Born Eric Arthur Blair to an Anglo-Indian parent in the year 1903, George Orwell had a deep connection with India. It was in a barn in some sleepy village of Motihari district of the then Bihar that George Orwell had first tryst with the human world. His father, a famous Indigo planter of Champaran, wanted him to sail for England to study. At a very young age Orwell attended a small school in Henley. He was then sent to study under the headmaster of England's most famous and successful preparatory school called the St Cyprian's School in Eastbourne, Sussex. He got an admission in this preparatory school on the basis of a scholarship, which meant that his parents only paid half of the actual fees. Then he continued his education at Wellington and from there moved to Eton, where he was a King's Scholar from 1917 to 1921. To know more about Orwell, continue reading this insightful biography on him.
On the account of his personal life, Orwell has mentioned that he had comparatively enjoyed his time at Eton as it provided its students some amount of freedom and was not as strict as the other institutes he had attended before. It is claimed that after arriving at Eton, Orwell lost his seriousness towards studies and was counted as one of the poor students. He was seen as a rebel by some of the teachers in authority at Eton. It is reported that during his time in Eton, Orwell made many British Intellectual friends.
Burma: After completing his stint with studies at Eton, Eric joined the Indian Imperial Police in Burma. He took this decision because his family could not afford to get him admitted to a university and he could not, also, get a scholarship to support his tuition fees. He returned to England from Burma disillusioned from Imperialism in the year of 1928. It was after this experience that he took his pen name 'George Orwell'. This name symbolized his love for England's countryside -- George is the patron saint of England and Orwell was his most favorite river in Suffolk. A typical description of Orwell's life would be -- living in the constant struggle of poverty, facing the dread of occasional homelessness and doing temporary work for survival. There was a time when he finally found work as a full time teacher at a school but he had to leave it due to his ill-health and he was forced to work as a part-time assistant in a Hampstead based book shop selling secondhand books. He wrote some of his splendid works such as Down and Out in Paris and London (1933), Burmese Days (1934), A Clergyman's Daughter (1935), A Hanging (1931) and Shooting an Elephant (1936) among others, during this time. This was the time when George Orwell felt early moorings for Communism.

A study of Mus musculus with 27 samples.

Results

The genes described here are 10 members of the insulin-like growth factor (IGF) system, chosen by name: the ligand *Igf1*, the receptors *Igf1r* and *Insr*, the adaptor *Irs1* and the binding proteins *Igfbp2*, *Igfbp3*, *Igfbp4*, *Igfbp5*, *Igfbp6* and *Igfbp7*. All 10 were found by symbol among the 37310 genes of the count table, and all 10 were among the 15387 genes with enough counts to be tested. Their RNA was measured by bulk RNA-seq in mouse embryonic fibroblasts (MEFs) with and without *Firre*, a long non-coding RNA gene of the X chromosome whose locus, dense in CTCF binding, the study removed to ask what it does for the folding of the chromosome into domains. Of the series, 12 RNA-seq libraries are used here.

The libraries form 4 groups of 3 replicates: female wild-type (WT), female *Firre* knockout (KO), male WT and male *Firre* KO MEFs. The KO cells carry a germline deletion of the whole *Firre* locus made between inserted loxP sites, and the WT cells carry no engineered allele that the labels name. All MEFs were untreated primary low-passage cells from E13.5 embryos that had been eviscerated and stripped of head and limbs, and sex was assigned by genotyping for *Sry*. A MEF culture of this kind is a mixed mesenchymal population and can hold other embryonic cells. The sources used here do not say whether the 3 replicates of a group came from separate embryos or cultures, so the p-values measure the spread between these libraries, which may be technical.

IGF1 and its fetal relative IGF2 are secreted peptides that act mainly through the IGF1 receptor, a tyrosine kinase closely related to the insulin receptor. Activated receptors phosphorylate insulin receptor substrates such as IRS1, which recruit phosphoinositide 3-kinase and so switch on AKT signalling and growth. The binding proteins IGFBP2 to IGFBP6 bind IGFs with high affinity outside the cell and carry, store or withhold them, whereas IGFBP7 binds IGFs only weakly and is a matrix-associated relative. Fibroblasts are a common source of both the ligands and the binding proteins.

Spanish Civil War: When Spanish Civil war broke out, Orwell decided to participate in the war from the side of Republicans against the Nationalist mutiny. He joined the non-stalinist far-left POUM as an infantryman, but it was during this war that he got disillusioned from the Stalinist brand of communism. The stage was set for some of his best works. It started with Homage to Catalonia in the year 1938 and then came the very famous Animal Farm. During the time of World War II, Orwell became a member of the Home Guard and worked for BBC. He got the task to handle the work of BBC Eastern Service, on the programmes made to gain the confidence of India and other East Asian countries for British participation in the war.
Animal Farm got published in the year 1945 and took the literary world by storm. In this work, George Orwell criticized the Stalinist brand of Communism and proved its vulnerability towards corruption and despotism. With quotes such as "…all men are equal but some are more equal than others…" Orwell had arrived. In the year 1949 Orwell wrote his magnum opus 1984. The novel feared the American dominion in coming centuries and its ultimate transition in to a totalitarian regime flourishing behind the veil of democracy. It is unbelievable that many of his predictions stand true as of today.
Principles & Ethics
George Orwell spent last years of his life fighting against Zionism and the sinister designs of Britain and US in the formation of Israel. He championed the cause of Arabs and Palestinians and severely criticized the moves of west in strangulating human rights of Palestinians. He resigned from 'The Tribune' that was controlled by Zionist lobby and championed the cause of Israel. All his life, George Orwell stood against traits like Fascism, Totalitarianism, Zionism, and most of his works reflected his ethos.
This great literary figure finally closed his eyes in 1949 in London where he was later buried according to Anglican rites. He was 46 when he died and he died of tuberculosis. He had fought with this disease for three years in his life.